As many people in the Pacific Northwest head out for activities and summer road trips, the Pacific Northwest Wildfire Coordinating Group (PNWCG) offers the reminder that vehicles and other equipment can spark wildfires during the hot and dry months of summer.
“During fire season, equipment-sparked fires are the leading cause of wildfires in Oregon and, within that category, vehicles are the top culprit,” said Keep Oregon Green’s Executive Director, Kristin Babbs. “Roadside sparks and vehicle fires can easily spread to adjacent vegetation. Always keep your vehicle on improved surfaces, pack an up-to-date fire extinguisher in your car’s summer emergency kit, and know how to use it.”
Northwest Interagency Coordination Center told KXRO that as of July 25th, there have been 1,102 wildfires in Oregon and Washington, and about 88 percent of them have been human caused.
In Washington, there have been 418 human-caused wildfires out of 452, while of the 650 wildfires to date in Oregon, 547 of them were started by people.
“The Pacific Northwest has a history of numerous large wildfires; it is important for people to pay extra attention to avoid doing anything that could start a wildfire.”
Under hot, dry conditions, all types of motorized vehicles can ignite a wildfire. Due to persistent and worsening drought, above average risk of large fires is expected in central Oregon, southwest Oregon, northeast Oregon, and central Washington through August.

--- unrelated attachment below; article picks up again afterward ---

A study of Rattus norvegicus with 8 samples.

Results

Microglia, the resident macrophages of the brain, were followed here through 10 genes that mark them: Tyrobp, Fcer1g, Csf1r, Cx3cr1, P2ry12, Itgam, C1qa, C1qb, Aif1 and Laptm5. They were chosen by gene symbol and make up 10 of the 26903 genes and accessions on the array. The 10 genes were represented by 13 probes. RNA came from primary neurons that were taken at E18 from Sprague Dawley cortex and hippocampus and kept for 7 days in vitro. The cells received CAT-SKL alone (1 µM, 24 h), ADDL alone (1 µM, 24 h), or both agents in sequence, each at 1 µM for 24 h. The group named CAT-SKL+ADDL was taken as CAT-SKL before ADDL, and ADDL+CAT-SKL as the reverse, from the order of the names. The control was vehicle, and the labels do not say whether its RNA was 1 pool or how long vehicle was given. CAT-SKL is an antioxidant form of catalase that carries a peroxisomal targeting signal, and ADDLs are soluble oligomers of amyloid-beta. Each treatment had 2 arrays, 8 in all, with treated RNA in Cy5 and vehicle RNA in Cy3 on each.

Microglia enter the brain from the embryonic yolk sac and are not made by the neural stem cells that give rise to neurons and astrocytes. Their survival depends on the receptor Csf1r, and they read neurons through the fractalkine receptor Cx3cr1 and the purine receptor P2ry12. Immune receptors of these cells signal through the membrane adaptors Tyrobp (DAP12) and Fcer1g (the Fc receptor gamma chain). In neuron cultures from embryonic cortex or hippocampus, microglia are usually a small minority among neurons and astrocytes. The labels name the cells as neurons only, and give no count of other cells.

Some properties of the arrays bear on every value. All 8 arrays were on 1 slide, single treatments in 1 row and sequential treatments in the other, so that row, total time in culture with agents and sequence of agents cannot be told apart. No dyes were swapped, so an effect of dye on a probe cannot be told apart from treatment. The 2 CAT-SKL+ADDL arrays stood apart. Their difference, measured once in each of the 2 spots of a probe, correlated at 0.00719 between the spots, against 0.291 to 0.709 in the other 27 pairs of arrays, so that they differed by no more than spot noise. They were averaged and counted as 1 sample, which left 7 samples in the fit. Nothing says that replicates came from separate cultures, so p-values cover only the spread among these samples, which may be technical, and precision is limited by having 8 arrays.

Fire officials ask for your help and provided a number of basic safety tips when you ride or drive to keep an enjoyable outing from turning into a costly, damaging wildfire:
TIPS TO REDUCE VEHICLE WILDFIRES
- Ensure all parts of your vehicle are secure and not touching the ground. A loose safety tow chain or muffler dragging on pavement can send a shower of sparks into dry vegetation, igniting not one but several wildfires along a roadside.
- Check your tire pressure and look for signs of wear. Once a flat tire shreds, the bare wheel on pavement can cast sparks onto roadside vegetation. This scenario has resulted in numerous Pacific Northwest wildfires. Likewise, poorly lubricated wheel bearings can overheat and ignite, and the metal-on-metal contact of a worn-out brake can emit sparks. Ensure that they receive regular maintenance.
- Maintain vehicles and equipment by cleaning exhaust systems and spark arresters so they are undamaged and functioning properly. A worn-out catalytic converter can degrade and cast off extremely hot pieces of material, and a faulty spark arrester can shed hot metal. Engine compartments can collect debris and be receptive to sparks. Also, regularly inspect vehicle undercarriages to ensure that fuel and brake lines are intact and no oil leaks are apparent.
- A running vehicle’s exhaust system can reach temperatures up to 2,800 degrees Fahrenheit. Avoid driving, idling, or parking on tall, dry grass or piles of brush that can touch the underside of a vehicle. A few seconds of contact between dry grass and a hot catalytic converter or exhaust system can start a fire. Operate all vehicles on established roads and trails, and park on gravel surfaces or developed roadside pull-outs.
- Follow recreational forest laws during fire season, including whether off-road driving is permitted. Report all fires immediately. Always carry an approved fire extinguisher in vehicles, in addition to a cell phone, water, and a shovel. Fire extinguishers have prevented many vehicle-caused wildfires, whether used on people’s own vehicles or travelers coming to the aid of others.
- Make sure that your RV’s cooking appliances, generator, and propane system are all working properly.
- Respect private forestlands and their designated closure areas.